Tuesday, April 29, 2014

U.S. Couple Denied Permission to Leave Qatar While Appeal is Pending


Defense experts expressed shock at the developments, which came at the first hearing in the appeal by the couple, Matthew and Grace Huang of Los Angeles, who were sentenced to three years in prison last month. They have asserted their innocence in a case that has come to symbolize what critics call the arbitrary and opaque system of Islamic justice in the criminal courts of Qatar, the affluent Persian Gulf emirate that has sought to portray itself as a progressive beacon of Middle East multiculturalism.
On the contrary, the Huangs and their defense lawyers have argued, the prosecution has revealed ingrained prejudices about multiracial families and adoption by having assumed that the parents, who are of Asian descent, had no legitimate reason to have children who are of African descent.
The State Department has expressed concern about the fairness of the case. The Huangs have been supported by the California Innocence Project, a group that helps with the defense of what it considers unjust prosecutions, and by the David House Agency, a Los Angeles group that assists Americans trapped in legal crises overseas.
The couple, who were living in Qatar because Mr. Huang was working on an engineering project, were arrested in January 2013 after their daughter, Gloria, 8, adopted from Ghana, was pronounced dead at a hospital after having not eaten for four days. Prosecutors said then that they suspected that the Huangs were child traffickers who had abused the child by starving her with the intent to sell her organs. The couple said she suffered an eating disorder, and defense witnesses said she had been active and happy the day before she died.
The cause of Gloria’s death was never established.
The defendants, who also had two adopted boys from Africa, spent nearly a year in prison before the lower-court judge agreed to release them on their own recognizance in November but barred them from leaving the country. Their boys were permitted to go home with Mrs. Huang’s mother.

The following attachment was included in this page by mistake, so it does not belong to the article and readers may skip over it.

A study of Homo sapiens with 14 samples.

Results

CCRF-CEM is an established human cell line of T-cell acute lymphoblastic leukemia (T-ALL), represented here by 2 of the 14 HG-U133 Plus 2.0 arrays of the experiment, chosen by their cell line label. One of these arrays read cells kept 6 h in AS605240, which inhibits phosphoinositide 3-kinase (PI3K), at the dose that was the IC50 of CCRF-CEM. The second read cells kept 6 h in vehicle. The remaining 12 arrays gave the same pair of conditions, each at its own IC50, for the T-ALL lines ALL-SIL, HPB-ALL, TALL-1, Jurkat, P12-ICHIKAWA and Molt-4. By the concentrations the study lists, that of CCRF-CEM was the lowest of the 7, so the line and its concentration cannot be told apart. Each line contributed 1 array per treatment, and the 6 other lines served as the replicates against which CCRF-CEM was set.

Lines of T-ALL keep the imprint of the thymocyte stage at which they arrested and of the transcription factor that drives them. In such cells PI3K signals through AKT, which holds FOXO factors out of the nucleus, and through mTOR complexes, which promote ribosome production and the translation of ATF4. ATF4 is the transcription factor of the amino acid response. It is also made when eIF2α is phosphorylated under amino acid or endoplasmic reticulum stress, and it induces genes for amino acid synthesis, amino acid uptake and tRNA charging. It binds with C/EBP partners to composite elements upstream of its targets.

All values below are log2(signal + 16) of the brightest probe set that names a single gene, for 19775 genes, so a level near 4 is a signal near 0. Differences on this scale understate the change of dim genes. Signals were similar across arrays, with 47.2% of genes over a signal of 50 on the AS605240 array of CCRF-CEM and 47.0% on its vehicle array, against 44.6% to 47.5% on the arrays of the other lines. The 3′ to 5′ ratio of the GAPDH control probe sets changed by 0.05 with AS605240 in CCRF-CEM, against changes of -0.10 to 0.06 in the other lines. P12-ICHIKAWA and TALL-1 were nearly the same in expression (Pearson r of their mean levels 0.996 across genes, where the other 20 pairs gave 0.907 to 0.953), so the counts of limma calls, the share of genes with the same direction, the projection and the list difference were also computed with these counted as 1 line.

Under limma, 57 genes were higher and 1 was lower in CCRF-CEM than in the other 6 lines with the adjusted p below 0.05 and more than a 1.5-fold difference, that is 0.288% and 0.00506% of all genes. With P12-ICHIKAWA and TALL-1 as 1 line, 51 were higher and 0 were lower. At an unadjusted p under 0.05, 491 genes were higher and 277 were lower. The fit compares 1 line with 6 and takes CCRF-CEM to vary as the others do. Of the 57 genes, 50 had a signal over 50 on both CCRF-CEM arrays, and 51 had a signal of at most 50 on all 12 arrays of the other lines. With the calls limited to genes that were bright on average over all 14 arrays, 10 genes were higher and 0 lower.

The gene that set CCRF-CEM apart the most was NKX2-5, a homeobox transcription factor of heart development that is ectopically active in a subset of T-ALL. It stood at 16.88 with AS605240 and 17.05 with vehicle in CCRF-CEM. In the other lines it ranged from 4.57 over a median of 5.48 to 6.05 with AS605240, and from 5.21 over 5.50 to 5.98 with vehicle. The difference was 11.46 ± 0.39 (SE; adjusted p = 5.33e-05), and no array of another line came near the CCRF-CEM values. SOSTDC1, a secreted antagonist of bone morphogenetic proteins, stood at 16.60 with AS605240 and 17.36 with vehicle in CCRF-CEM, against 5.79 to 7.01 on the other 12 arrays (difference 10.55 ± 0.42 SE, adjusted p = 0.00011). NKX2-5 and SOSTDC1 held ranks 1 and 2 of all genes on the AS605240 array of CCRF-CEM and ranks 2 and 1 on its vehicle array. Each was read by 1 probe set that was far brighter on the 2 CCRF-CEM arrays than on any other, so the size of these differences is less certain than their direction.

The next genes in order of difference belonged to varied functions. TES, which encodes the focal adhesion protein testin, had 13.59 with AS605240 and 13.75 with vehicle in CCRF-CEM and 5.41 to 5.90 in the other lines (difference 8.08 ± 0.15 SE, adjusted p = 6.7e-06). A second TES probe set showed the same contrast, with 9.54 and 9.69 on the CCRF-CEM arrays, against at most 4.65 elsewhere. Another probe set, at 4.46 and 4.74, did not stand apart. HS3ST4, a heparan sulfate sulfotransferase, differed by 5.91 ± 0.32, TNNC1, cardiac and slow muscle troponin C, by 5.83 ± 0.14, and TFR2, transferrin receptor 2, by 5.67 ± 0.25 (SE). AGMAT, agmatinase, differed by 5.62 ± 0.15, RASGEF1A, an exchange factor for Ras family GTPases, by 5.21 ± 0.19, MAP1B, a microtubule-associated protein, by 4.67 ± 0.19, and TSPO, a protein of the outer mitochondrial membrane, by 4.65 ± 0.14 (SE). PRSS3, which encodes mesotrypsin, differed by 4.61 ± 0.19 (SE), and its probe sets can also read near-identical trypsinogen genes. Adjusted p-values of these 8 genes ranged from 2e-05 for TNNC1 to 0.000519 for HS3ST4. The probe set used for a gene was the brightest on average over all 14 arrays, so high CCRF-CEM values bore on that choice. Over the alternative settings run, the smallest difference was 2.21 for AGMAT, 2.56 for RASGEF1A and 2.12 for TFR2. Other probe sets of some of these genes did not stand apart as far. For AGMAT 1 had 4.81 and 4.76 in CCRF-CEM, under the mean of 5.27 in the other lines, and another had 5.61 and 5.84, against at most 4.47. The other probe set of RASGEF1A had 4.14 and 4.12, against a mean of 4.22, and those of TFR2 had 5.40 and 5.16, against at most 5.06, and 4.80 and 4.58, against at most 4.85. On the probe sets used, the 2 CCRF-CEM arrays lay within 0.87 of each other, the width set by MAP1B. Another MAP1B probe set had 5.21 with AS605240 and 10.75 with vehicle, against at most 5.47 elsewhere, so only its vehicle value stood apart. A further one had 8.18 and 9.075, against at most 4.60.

Under Qatari law, both the defense and prosecution can appeal the verdict, which was announced last month. But it was only last week that the defendants learned about the lower court’s determination that the original murder charge was rejected for lack of evidence. Instead, the court convicted them on the lesser charge of endangering a child under 16, which carries a three-year prison sentence when the defendant is the child’s guardian. Defense lawyers said they were baffled by that charge as well.
The prosecution signaled its intention to possibly seek child-trafficking charges after the defense lawyer, Sami Abu Shaikha, requested that the appeals court suspend the couple’s imprisonment until the appeals process was completed. The lead prosecutor objected, saying the court must make an example of the Huangs.
The judge allowed the couple to remain free within Qatar but rejected their request to fly home.
“We are extremely disappointed the court did not give us permission to leave the country so we can go see our sons,” Mr. Huang said in a statement after the hearing. “We want this all to be over.”
It was unclear how the prosecution could possibly prove a human trafficking case, given that no evidence of such a crime was presented at the original trial. Members of the Huangs’ defense team said such an intention by the prosecution further revealed what they called the flaws in Qatar’s judicial process.
“From the very beginning, the Islamic court in Qatar has shown they do not understand why an Asian-American couple would adopt an African child,” said Eric Volz, managing director of the David House Agency, in a statement. “It is outrageous and backward. Every American should beware of traveling to Qatar.”
The appeals court is scheduled to announce whether it has accepted the prosecution’s appeal on May 11, and will hear the defense’s appeal on June 16.